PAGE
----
So I've been given a short film to colour grade, and I'm about to take the leap into learning as much as possible in davinci resolve. I'm quite excited! But am conscious of the steep learning curve. Have been watching many Vimeo/YouTube videos and reading various articles.
So far I've learnt about setting up the project settings first and foremost. I'm just wondering; I'm working with UHD files, so 3840 x 2160, from a Premiere XML, but will only be outputting a 1080p. Should my timeline res & video monitoring settings, in this case, opt for 1080 since I'm not outputting 4k? Will doing so still source all of the data from the UHD files and not a 1080 condensed version of them? A main reason for this question is to try and keep down my processing power for more efficiency, so I'm using UHD data but only playing back at 1080 in my program monitor, since that's what's going to be exported anyway. Camears used were sony a7s ii; not using slog2, i believe.
My current system:
i7-2600 @ 3.40GHz
Nvid GTX 960 2GB vRAM
I also plan to bring it all back into Premiere to throw in the sound guy's audio track, and superimposed titles over various shots + end credits. Although, I guess all of this can be done in DaVinci as well? Just that all of the superimposed titles are already written and perfectly placed in the premiere timeline. I tried exporting the titles along as an alpha on transparent backgrounds, but did not succeed.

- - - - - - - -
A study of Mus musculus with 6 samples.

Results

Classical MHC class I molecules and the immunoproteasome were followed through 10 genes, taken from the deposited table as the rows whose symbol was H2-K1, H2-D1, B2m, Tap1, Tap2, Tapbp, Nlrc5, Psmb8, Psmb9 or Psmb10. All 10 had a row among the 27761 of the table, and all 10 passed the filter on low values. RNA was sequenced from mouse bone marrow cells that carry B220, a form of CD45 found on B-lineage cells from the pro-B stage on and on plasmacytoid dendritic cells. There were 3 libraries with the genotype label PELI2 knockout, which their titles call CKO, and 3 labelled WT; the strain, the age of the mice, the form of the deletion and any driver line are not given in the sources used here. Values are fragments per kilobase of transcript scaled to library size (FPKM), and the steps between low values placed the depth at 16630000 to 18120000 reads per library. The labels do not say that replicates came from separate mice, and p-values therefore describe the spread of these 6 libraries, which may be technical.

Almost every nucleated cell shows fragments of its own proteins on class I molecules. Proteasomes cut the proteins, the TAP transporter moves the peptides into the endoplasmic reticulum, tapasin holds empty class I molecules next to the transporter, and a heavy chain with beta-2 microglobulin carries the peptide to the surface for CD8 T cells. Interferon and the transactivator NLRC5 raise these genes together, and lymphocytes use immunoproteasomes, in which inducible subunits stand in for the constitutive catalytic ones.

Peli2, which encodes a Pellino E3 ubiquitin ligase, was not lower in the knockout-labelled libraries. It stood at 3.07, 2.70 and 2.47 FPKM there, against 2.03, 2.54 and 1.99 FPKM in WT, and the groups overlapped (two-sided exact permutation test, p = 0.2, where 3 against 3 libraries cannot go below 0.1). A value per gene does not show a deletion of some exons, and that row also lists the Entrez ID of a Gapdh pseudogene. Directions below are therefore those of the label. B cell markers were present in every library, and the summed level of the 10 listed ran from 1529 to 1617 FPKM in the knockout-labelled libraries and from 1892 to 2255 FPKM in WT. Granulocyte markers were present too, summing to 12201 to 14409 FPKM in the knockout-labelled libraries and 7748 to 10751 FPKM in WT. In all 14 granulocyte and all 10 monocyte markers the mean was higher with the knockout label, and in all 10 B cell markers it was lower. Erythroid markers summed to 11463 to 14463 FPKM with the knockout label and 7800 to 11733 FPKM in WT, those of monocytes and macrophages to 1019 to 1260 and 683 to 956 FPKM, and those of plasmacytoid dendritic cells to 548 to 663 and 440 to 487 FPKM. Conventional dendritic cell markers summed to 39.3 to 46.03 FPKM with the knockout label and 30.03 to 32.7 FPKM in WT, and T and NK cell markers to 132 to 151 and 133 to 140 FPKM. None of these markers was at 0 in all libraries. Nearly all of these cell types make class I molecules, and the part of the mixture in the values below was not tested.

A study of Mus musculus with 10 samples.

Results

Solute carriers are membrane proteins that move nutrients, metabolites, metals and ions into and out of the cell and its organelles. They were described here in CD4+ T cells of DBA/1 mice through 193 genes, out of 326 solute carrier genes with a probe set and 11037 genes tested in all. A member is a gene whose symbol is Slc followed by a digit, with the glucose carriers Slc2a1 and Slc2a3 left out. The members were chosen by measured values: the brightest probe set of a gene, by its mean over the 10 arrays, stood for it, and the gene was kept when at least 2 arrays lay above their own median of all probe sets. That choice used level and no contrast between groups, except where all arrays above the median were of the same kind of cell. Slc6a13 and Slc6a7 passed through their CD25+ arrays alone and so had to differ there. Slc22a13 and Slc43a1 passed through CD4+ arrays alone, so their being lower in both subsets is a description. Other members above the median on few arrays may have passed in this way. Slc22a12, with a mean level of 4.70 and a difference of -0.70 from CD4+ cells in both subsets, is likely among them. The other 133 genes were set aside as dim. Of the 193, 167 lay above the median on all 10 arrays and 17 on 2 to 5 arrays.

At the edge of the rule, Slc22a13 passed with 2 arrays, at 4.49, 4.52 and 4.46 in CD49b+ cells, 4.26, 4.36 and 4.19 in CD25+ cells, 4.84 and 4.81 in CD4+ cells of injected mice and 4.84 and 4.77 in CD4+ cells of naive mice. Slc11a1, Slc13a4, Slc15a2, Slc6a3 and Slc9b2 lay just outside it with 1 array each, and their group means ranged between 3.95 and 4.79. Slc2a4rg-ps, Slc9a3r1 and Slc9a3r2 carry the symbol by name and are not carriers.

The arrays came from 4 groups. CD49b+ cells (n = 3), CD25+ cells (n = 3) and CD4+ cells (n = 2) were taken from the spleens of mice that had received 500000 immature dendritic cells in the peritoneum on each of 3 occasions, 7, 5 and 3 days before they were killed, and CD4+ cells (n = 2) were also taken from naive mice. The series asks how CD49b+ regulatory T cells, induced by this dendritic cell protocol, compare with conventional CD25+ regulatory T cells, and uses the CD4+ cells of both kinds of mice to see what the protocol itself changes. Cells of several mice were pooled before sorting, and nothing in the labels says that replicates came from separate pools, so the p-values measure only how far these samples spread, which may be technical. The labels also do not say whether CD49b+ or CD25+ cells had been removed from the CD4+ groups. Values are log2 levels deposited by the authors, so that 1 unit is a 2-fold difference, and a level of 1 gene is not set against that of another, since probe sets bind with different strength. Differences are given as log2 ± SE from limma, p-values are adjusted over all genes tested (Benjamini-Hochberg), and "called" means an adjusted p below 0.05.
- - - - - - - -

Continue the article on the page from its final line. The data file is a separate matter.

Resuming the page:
Set your project settings and timeline settings to 1080. There isn't much need to "work" at 4k, unless you come across some shot that you are trying to pull a secondary on, and it just isn't working at HD. Even then you may find no difference switching to 4k.
In either event, you will also need to setup your scaling settings. This will ensure you are not doing a center cut of the 4k footage. You probably want to force the entire picture to fit the frame. Your other option would be to fit to frame with a crop, which may or may not zoom the footage in slightly to eliminate the letterbox, depending on your source footage.
Once color is done, output your program with a 1080 raster setting in the delivery tab. If you do decide you want an UHD output instead, they you need to go back to the project and timeline settings and adjust them to UHD before you output a UHD in the delivery tab. If the project is still set to 1080, and your output is set to UHD, then resolve will upconvert the hd version to UHD, rather than just using UHD from start to finish.
The wonderful thing about Resolve is its ability to simply use math and calculate the windows you have created in 1080, and adjust them to UHD, so again, save your resources, and work in HD.